Top 5 Most Common Ingredients Used in Japanese Food

For many years the Japanese kitchen remained a mystery to many people, and it was only until Sushi restaurants began to appear, did the concept of eating Japanese food begin to capture the imagination of an increasing number of people, simply because Japanese food has its own distinctive tastes and appearance, is healthy and basically easy to prepare.

Japanese food is mostly rice based, and can be spicy but not overly so, with lots of fresh vegetables, herbs and spices being the principal ingredients.

There a number of basic ingredients that you will need to have on hand when you set off to cook a typical Japanese meal. Here is a list of the top five.

Surprising though it may seem, the most popular ingredient of any Japanese dish is rice. But not just any rice- Japanese rice. Most home cooks when they think of rice almost always connect up with either Persian rice, Jasmin rice or some of the other common brands of Thai rice. However Japanese cuisine lends itself much more to rice that is basically tasteless as well as being capable of absorbing and retaining lots of water which is highly important in the preparation of Sushi.

Japanese Style Soy Sauce
Japanese food is characterized by its many subtle flavours, with a lot of the nuances being provided by the adding of Soy Sauce to herbs and vegetables. Once again it is important for the sake of authenticity to find a genuine Japanese Soy sauce with the most popular Japanese brands, which can be found in most leading supermarkets or oriental food stores coming from the Kikkoman Company. Kikkoman produce two types of soy sauce, the first Koikuchi which stands out for its black, deep colour and Usukuchi which is lighter in colour but has a saltier taste. An experienced Japanese chef will know exactly where to add each of these varieties of this essential ingredient.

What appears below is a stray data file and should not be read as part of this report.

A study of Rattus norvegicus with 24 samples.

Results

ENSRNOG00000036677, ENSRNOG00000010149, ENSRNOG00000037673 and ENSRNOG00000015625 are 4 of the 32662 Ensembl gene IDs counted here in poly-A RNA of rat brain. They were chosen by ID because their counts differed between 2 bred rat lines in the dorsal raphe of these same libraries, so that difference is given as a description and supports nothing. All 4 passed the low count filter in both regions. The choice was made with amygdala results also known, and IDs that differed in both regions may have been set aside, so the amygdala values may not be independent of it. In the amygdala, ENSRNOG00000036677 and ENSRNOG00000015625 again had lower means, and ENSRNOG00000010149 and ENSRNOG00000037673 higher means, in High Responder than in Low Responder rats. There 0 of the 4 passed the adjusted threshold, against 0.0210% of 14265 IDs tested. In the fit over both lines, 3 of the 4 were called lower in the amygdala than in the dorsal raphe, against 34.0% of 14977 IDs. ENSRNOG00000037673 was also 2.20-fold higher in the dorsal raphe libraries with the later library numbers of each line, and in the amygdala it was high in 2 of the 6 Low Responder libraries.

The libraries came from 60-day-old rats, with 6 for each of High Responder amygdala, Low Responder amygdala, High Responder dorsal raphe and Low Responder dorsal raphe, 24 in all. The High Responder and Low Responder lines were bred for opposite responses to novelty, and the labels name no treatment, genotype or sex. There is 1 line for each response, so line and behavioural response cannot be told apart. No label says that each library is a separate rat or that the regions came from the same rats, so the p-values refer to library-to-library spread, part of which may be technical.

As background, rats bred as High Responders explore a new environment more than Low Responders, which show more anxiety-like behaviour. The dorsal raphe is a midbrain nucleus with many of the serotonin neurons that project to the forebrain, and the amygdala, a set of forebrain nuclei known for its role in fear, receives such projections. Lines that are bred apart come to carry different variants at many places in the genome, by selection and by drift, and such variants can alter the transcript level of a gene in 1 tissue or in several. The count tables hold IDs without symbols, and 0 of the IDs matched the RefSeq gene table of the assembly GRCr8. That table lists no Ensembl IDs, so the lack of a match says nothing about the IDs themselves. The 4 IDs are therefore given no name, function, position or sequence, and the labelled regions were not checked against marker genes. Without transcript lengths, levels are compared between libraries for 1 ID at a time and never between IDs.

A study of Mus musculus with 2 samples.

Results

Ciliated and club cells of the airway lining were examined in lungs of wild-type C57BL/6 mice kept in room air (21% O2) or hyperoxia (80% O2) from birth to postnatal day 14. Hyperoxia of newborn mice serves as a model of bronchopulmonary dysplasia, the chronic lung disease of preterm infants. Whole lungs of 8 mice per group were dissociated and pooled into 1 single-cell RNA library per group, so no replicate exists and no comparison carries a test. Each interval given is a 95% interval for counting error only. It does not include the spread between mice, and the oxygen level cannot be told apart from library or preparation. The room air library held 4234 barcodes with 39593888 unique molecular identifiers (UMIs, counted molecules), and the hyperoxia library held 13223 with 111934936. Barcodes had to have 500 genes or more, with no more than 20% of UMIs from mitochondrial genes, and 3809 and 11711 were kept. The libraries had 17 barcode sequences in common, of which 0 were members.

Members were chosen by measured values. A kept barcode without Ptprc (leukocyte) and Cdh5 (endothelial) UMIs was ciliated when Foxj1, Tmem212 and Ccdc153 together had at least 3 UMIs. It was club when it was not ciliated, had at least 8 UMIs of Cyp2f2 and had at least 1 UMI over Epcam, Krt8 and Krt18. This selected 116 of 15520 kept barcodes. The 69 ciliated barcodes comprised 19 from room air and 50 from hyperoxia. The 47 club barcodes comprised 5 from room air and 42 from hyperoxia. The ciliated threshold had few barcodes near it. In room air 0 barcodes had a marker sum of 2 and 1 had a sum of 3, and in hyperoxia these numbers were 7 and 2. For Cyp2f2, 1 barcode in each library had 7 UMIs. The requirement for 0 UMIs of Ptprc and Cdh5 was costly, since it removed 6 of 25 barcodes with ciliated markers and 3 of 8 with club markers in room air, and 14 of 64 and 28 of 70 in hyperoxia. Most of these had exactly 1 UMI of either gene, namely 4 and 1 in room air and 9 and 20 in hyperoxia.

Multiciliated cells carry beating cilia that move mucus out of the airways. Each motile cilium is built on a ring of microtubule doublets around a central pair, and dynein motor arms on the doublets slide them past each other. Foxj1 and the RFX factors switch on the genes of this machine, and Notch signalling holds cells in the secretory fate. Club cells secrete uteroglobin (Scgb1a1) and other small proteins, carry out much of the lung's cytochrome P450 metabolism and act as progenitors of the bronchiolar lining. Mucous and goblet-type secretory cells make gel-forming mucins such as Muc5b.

Rice Wine
Rice wine is another must on the list of essential ingredients in Japanese food, with Sake being the best known, while Mirin also carries out the same role in flavoring rice, although it comes with considerably lower alcohol content. By adding rice wine, the rice will not only taste better but will have a shiny appearance and be less inclined to stick to the cooking pan.

Great Quality Raw Fish
As the bulk of the Japanese menu is based around raw fish, it’s possible to understand why a good fish stock powder is a very common ingredient in Japanese cooking. Other flavorings that will need to figure near the top of any Japanese shopping list are Ponzu which adds lemon flavoring to Japanese dishes and also mayonnaise, but only that made in Japan.

Fresh Vegetables
Add to that list lots of fresh vegetables, particularly peppers as well as raw fish especially salmon as well as edible seaweed known as “Nori” which is used to bind the “maki-zushi” variety of Sushi.

Cooking Japanese food can be an invigorating challenge for any competent cook. However the chances of success will be that much higher if the proper ingredients are used.

Andrew is a specialist in Japanese food. Over the last 4 years, Andrew has been distributing equipment for Japanese restaurants including conveyor sushi belts and rice cookers. Allan is also a regular blogger and forum contributor.